The new notion of performativity serves neither to foreground nor contextualize the subject, but rather to preserve it: the subject is presented (or presents itself) as a holistic, irreducible unit that makes a binding impression on a reader or observer.
-Eshelmen, “Performatism, or the End of Postmodernism”
As a piece of writing, I don’t find Eshelman’s “Performatism” to be very convincing at all. It seems as if Eshelman essentially establishes post-postmodernism by fiat, from which two other main assumptions follow: 1) that postmodern thinking, basically defined as thinkers in the latter half of the twentieth century but prior to, like, 1997 or something, are wrong, or that we no longer think like them, and 2) that postmodern is purely pessimism and nihilism. Therefore, the answer to postmodernism, performatism, must be diametrically opposed to postmodern thinking: optimistic and defined by belief. The logical structure of that argument just bothers me, and in addition to that I find almost none of Eshelman’s readings of films or literature or art to be convincing at all, either in those places where he attempts to articulate the obsolescence of postmodern art, or more often in those places where he tries to describe how his selected artworks are performatist. This could just be because American Beauty seems like a profoundly stupid movie in every way to me, so it’s hard for me to accept it as a paradigm of the new direction in thought.
Particularly egregious in this essay are those moments when he tries to outline a performatist politics, as are his arguments about the reassertion of the phallus. His notion about performatist politics seems to boil down to a replacement of politics with the achievement of personal transcendence and wholesome living. He correctly points out that because of the size and complexity of the most dire political problems we’re faced with (environmental problems, for example, cannot be adequately addressed by a politics of resistance and emancipation, really, and the contemporary economic world creates problems whose solutions very likely cannot resemble the sort of mass revolutionary politics nor the critical acts of localized resistance that early and late modernism tended to envision), new ideas of the political are needed. But the solution offered by performatism borders on the solipsistic: “If we do not become the sort of people–more reflective in our demands, more modest in our needs, more attentive in our actions–who could inhabit a responsible economy, such an economy will not come to us by law or government. Because it will not come without law and government, changing ourselves is all the more important” (6). Essentially, we are invited to performatively change ourselves to good people who believe in love (or just believe in things more generally) which will create a new space that through a kind of osmosis of goodness will draw out a new government and economy. I’m sorry, but this is stupid. His argument about the re-invigorated phallus seems likewise to be incredibly problematic. If he were just arguing for a way that the phallus can now be understood as not necessarily oppressive or dominant, that would be one thing (not unproblematic, but maybe less so, at least), but here he seems to base his sort of call for this reinvigoration on that really simple and old and wrongheaded classic division of masculine/active and feminine/passive, and when that’s your starting point, calling for the reassertive (but friendly! I promise!) phallus as a basis for the new performatist subject doesn’t get the benefit of doubt.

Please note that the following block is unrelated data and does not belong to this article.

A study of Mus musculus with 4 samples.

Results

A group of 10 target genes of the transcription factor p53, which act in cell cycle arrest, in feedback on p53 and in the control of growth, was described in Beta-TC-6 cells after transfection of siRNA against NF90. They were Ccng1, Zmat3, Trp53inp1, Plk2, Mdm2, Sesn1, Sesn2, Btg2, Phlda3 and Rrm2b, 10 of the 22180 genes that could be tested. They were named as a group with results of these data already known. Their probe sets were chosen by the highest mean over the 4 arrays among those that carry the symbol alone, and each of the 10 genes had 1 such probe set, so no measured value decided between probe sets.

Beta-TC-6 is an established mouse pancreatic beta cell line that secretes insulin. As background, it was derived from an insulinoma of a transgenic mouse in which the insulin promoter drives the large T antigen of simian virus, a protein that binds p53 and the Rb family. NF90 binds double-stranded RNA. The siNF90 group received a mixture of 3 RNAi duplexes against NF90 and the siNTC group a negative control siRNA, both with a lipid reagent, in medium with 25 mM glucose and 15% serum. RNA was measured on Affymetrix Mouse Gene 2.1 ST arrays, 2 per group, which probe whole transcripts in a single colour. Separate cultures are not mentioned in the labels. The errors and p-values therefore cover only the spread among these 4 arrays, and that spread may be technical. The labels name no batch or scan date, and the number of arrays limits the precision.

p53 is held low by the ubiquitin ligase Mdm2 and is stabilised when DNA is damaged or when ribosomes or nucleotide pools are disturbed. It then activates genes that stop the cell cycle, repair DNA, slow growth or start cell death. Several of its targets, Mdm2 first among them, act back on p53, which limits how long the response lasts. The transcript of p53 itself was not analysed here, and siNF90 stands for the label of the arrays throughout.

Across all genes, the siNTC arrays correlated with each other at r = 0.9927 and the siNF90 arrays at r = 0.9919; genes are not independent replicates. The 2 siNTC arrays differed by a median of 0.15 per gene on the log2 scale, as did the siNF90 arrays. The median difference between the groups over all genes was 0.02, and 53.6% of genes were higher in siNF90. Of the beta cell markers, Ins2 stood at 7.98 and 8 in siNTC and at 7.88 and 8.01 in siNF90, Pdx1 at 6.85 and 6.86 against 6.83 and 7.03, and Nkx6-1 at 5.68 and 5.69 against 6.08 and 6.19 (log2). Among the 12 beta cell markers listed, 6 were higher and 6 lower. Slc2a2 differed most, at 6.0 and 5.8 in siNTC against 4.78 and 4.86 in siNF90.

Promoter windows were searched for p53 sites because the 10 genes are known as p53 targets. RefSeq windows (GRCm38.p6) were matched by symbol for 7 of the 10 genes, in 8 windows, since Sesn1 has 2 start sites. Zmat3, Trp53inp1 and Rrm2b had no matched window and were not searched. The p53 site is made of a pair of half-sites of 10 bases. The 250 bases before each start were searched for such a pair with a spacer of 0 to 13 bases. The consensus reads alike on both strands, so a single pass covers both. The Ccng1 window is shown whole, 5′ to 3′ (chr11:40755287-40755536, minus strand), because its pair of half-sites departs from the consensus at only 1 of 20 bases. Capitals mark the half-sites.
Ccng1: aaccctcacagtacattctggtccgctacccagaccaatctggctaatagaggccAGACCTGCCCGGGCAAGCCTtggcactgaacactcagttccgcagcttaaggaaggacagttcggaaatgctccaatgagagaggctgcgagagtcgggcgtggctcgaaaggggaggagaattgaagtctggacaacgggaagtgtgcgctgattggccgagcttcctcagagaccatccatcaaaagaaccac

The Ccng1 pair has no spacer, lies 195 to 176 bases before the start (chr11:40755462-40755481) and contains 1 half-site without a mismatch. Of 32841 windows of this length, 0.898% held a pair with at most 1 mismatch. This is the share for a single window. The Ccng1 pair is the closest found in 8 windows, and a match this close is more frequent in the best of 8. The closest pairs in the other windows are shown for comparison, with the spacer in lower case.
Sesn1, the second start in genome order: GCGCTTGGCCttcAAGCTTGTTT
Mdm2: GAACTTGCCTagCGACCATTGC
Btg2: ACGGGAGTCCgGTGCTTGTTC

Backing away from those complaints, though, there is something here, in Eshelman’s idea of performatism. The basic idea behind a turn away from the endless ontological undermining of thought (and language and the subject and what-have-you) that characterized the 20th century does seem to bear a certain resonance in the present. For it to happen just as a naive and stupid rejection of all that critical work would, I believe, be likely to lead to the negative side of this possibiliity, and Eshelman’s insistence on treating all his examples as representative of a new transcendent hope for our present seems to lead precisely to those problems (see, as I just mentioned, his solipsistic politics). But the careful deployment of thought toward constructively building new ideas and concepts, of politics toward concrete localized actions of community-building, etc., these do seem to be aspects, and useful aspects, of the present. Within that matrix, a theory of performatism that begins with the holistic treatment of subjects and ideas as non-reducible could potentially carry some weight.